The first female self-made millionaire in America was a black woman called Madam C J Walker. She made her fortune developing and marketing a line of cosmetics and hair care products for black women through the business she founded.
Born in 1867 in Louisiana, Sarah Breedlove (as she was named at birth) was orphaned at the age of 7, and, having moved to live with her sister and brother in law, began her working life as a domestic servant. She married three times, the first marriage at just 14 years old. Her third husband was Charles Joseph Walker, whom she married in 1906 and adopted his initials as her own, becoming Madam C J Walker. The Madam was chosen as it was used by female pioneers in the French beauty industry.
Sarah suffered severe scalp issues and even hair loss due to a combination of the harsh products available to her at the time and probably also to infrequent bathing and hair washing as she lived in a time when indoor plumbing and heating was scarce. That, combined with a likelihood of poor diet and frequent illnesses, left her with a problem for which she sought her own solutions.
Her brothers were barbers and she learned about hair care from them, and also took a job as a salesperson for Annie Malone, an African-American hair care entrepreneur. While working with Annie, she began to apply her new-found knowledge to develop her own products.
As her business grew, Sarah promoted herself as an independent hairdresser and retailer of cosmetic creams. She sold products door to door, at the same time providing tips and advice to other black women on how to groom themselves and style their hair. Under the business name of Madam C J Walker, she designed her products and developed her methods to promote hair growth and condition the scalp. She created a shampoo and a pomade which was intended to help hair grow, promoting frequent and lengthy brushing of the hair and the use of iron combs.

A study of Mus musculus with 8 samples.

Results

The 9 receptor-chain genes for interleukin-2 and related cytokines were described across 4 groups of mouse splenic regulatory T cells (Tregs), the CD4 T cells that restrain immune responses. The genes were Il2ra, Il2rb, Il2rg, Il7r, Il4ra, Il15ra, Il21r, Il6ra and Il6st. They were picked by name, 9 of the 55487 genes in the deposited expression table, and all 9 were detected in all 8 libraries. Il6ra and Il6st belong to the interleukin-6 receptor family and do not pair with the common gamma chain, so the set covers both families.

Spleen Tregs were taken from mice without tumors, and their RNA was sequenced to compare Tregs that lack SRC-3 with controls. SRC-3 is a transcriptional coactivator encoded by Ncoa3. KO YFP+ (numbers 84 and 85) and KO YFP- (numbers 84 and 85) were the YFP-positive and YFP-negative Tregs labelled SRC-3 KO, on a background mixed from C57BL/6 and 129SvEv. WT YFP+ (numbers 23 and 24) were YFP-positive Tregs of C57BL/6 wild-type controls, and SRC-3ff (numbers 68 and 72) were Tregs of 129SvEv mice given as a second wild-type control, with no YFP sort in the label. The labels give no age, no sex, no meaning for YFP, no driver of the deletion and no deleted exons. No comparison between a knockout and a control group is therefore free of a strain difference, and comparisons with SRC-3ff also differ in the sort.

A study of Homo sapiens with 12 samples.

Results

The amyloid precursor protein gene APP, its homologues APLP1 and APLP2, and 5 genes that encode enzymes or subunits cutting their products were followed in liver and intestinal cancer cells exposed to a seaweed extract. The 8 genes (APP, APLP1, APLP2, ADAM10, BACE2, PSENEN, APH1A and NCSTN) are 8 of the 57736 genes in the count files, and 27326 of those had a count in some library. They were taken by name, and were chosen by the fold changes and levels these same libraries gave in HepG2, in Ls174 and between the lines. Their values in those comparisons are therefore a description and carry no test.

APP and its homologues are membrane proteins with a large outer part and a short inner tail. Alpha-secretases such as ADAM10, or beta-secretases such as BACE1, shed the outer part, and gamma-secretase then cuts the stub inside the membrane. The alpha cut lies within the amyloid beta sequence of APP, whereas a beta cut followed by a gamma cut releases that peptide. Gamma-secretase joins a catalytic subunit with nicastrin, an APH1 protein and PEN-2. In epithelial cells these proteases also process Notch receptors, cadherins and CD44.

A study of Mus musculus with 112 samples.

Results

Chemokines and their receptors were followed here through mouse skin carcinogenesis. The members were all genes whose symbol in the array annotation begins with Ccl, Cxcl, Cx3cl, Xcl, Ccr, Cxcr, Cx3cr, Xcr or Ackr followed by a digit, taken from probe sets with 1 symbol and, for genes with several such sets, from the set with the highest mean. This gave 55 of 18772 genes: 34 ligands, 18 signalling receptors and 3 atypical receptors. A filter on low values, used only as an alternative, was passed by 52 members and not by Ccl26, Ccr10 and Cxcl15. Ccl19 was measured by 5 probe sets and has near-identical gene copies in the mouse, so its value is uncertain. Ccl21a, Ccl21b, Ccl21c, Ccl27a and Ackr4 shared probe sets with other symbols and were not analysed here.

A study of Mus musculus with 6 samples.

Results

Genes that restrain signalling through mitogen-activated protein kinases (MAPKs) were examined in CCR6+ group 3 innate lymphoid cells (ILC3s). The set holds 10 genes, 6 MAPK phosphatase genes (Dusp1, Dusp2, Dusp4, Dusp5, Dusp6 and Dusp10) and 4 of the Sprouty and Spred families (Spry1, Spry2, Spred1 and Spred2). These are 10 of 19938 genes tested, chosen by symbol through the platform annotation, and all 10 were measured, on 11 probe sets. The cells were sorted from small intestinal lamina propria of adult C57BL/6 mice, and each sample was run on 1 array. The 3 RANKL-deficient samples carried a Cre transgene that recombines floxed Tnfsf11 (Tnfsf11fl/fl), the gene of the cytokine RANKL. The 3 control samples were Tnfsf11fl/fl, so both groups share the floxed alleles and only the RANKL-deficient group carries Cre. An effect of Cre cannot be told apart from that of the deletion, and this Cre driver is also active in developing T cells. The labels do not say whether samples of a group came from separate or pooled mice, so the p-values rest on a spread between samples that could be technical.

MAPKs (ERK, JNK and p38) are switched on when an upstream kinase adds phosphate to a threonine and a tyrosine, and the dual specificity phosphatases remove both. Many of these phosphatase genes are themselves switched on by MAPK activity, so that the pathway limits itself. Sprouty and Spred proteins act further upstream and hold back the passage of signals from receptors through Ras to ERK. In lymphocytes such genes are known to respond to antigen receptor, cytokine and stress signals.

In 1908, Walker and her husband opened their business in Pittsburgh and established a college to train what they referred to as “hair culturists.” They built a factory, hair salon, and beauty school to train her sales agents, and later she added a laboratory to help with research. Many of her company’s employees, including those in key management and staff positions, were women. By 1917, her company claimed to have trained nearly 20,000 women as doorstep sales agents in what she named “The Walker System”. Not only that, but they also taught business skills, budgeting and how to recruit new agents to grow the business.
To find out more about her story, you can watch a Netflix film about her life called Self Made.